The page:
Minerals are not evenly distributed in the earth’s crust. Mineral ores are found in just a relatively few areas, because it takes a special set of circumstances to create them. Therefore, the signs of a mineral deposit are often small and difficult to recognize. Locating deposits requires experience and knowledge. Geologists can search for years before finding an economic mineral deposit. Deposit size, its mineral content, extracting efficiency, processing costs and market value of the processed minerals are all factors that determine if a mineral deposit can be profitably developed. For example, when the market price of copper increased significantly in the 1970s, some marginal or low-grade copper deposits suddenly became profitable ore bodies.
After a potentially profitable mineral deposit is located, it is mined by one of several techniques. Which technique is used depends upon the type of deposit and whether the deposit is shallow and thus suitable for surface mining or deep and thus requiring sub-surface mining.
Mineral mining techniques and mining methods
Surface mining techniques include: open-pit mining, area strip mining, contour strip mining and hydraulic mining. Open-pit mining involves digging a large, terraced hole in the ground in order to remove a near-surface ore body. This technique is used in copper ore mines in Arizona and Utah and iron ore mines in Minnesota.
Area strip mining is used in relatively flat areas. The overburden of soil and rock is removed from a large trench in order to expose the ore body. After the minerals are removed, the old trench is filled and a new trench is dug. This process is repeated until the available ore is exhausted. Contour strip mining is a similar technique except that it is used on hilly or mountainous terrains. A series of terraces are cut into the side of a slope, with the overburden from each new terrace being dumped into the old one below.
Hydraulic mining is used in places such as the Amazon in order to extract gold from hillsides. Powerful, high-pressure streams of water are used to blast away soil and rock containing gold, which is then separated from the runoff. This process is very damaging to the environment, as entire hills are eroded away and streams become clogged with sediment. If land subjected to any of these surface mining techniques is not properly restored after its use, then it leaves an unsightly scar on the land and is highly susceptible to erosion.
Some mineral deposits are too deep to be surface mined and therefore require a sub-surface mining method. In the traditional sub surface method a deep vertical shaft is dug and tunnels are dug horizontally outward from the shaft into the ore body. The ore is removed and transported to the surface. The deepest such subsurface mines (deeper than 3500 m) in the world are located in the Witwatersrand basin of South Africa, where gold is mined. This type of mining is less disturbing to the land surface than surface mining. It also usually produces fewer waste materials. However, it is more expensive and more dangerous than surface mining methods.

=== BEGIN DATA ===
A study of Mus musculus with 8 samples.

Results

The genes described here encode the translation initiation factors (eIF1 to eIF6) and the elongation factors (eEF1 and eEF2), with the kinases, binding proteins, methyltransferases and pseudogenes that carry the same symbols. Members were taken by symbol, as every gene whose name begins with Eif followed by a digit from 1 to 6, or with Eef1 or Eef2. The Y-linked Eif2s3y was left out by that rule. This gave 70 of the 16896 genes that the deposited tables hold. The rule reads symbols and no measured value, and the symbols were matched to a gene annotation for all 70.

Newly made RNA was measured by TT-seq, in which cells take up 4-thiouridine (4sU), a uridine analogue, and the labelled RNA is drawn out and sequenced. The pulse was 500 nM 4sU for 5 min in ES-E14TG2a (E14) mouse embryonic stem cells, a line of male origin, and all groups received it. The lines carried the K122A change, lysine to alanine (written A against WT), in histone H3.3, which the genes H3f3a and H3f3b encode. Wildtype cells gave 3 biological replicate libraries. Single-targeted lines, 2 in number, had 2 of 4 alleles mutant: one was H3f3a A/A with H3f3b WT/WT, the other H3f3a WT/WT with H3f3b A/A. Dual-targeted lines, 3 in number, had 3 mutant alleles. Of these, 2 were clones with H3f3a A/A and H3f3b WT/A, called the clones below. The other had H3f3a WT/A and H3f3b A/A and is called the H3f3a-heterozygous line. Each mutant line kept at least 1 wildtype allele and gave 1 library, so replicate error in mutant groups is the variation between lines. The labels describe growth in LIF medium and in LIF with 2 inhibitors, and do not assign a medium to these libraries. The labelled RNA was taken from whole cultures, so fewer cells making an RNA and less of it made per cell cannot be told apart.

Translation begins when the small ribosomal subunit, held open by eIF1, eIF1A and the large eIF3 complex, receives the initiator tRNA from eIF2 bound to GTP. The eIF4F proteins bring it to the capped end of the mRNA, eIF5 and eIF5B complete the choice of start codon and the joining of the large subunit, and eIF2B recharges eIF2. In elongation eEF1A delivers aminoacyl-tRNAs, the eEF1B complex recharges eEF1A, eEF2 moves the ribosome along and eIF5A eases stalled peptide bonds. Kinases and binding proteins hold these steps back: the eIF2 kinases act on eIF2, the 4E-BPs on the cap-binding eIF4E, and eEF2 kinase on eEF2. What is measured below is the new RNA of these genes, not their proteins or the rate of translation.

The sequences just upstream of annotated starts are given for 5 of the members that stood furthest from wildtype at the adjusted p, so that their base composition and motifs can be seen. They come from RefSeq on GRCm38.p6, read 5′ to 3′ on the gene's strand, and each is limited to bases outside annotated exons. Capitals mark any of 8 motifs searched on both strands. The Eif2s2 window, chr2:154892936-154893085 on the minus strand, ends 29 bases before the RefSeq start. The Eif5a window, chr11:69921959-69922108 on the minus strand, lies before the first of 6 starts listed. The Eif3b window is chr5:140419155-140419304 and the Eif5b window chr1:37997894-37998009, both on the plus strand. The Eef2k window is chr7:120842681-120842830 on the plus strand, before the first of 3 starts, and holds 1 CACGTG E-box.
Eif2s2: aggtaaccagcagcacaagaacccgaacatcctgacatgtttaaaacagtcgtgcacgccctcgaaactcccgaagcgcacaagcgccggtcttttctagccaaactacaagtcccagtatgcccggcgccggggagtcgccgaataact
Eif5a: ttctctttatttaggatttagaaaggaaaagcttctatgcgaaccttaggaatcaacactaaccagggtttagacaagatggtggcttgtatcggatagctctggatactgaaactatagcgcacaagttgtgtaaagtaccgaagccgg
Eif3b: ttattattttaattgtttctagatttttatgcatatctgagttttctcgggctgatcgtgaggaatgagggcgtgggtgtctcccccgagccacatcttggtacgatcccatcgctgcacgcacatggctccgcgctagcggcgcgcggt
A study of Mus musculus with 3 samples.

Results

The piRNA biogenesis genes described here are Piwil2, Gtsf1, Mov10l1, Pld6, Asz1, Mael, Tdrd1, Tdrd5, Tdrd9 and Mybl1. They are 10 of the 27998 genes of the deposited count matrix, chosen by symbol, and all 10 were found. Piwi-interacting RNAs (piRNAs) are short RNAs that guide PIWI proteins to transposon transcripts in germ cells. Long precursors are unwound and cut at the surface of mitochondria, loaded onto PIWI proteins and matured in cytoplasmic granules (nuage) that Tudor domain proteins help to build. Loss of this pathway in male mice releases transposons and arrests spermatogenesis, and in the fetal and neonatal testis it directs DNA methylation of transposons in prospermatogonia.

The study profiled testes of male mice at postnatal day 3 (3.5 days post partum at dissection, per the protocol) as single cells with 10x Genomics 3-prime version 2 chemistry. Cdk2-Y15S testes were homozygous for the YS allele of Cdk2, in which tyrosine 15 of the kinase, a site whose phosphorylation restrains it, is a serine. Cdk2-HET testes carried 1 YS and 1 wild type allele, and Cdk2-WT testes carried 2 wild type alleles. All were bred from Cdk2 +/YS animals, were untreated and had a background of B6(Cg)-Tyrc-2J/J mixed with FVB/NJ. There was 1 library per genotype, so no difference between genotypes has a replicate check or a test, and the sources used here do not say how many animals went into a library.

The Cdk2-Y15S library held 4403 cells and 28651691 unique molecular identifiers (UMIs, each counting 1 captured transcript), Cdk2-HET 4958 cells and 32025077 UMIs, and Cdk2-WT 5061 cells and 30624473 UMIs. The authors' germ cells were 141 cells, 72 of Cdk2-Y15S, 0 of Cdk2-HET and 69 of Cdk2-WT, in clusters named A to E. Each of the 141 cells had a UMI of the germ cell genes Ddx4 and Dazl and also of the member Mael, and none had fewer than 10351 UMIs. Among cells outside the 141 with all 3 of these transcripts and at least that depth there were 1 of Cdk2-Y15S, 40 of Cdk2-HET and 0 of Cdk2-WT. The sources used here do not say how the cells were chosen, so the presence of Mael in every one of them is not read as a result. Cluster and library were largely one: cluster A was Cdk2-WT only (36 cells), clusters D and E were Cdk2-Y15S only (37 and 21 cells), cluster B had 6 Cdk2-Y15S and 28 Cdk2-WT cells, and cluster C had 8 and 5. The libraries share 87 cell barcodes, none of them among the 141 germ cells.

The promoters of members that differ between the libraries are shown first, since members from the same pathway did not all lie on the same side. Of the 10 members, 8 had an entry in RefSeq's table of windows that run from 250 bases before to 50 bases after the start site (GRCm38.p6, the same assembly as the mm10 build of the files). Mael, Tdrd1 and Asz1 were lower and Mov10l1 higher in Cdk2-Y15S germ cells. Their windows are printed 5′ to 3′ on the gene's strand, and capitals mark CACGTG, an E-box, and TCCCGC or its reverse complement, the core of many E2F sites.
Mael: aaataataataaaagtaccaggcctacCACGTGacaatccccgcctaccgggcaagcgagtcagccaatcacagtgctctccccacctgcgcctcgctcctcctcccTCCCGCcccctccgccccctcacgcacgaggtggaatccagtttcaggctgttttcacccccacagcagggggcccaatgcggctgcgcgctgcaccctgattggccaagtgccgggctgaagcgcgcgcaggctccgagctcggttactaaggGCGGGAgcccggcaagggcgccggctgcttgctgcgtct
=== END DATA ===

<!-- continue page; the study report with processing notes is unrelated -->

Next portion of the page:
A newer form of subsurface mining known as in-situ mining is designed to coexist with other land uses, such as agriculture. An in-situ mine typically consists of a series of injection wells and recovery wells built with acid-resistant concrete and polyvinyl chloride casing. A weak acid solution is pumped into the ore body in order to dissolve the minerals. Then, the metal-rich solution is drawn up through the recovery wells for processing at a refining facility. This method is used for the in-situ mining of copper ore.
Mineral electro-winning method
Once an ore has been mined, it must be processed to extract pure metal. Processes for extracting metal include smelting, electro-winning and heap leaching. In preparation for the smelting process, the ore is crushed and concentrated by a flotation method. The concentrated ore is melted in a smelting furnace where impurities are either burned-off as gas or separated as molten slag. This step is usually repeated several times to increase the purity of the metal.
For the electro-winning method ore or mine tailings are first leached with a weak acid solution to remove the desired metal. An electric current is passed through the solution and pure metal is electroplated onto a starter cathode made of the same metal. Copper can be refined from oxide ore by this method. In addition, copper metal initially produced by the smelting method can be purified further by using a similar electrolytic procedure.
Gold is sometimes extracted from ore by the heap leaching process. A large pile of crushed ore is sprayed with a cyanide solution. As the solution percolates through the ore it dissolves the gold. The solution is then collected and the gold extracted from it. All of the refining methods can damage the environment. Smelters produce large amounts of air pollution in the form of sulfur dioxide which leads to acid rain. Leaching methods can pollute streams with toxic chemicals that kill wildlife.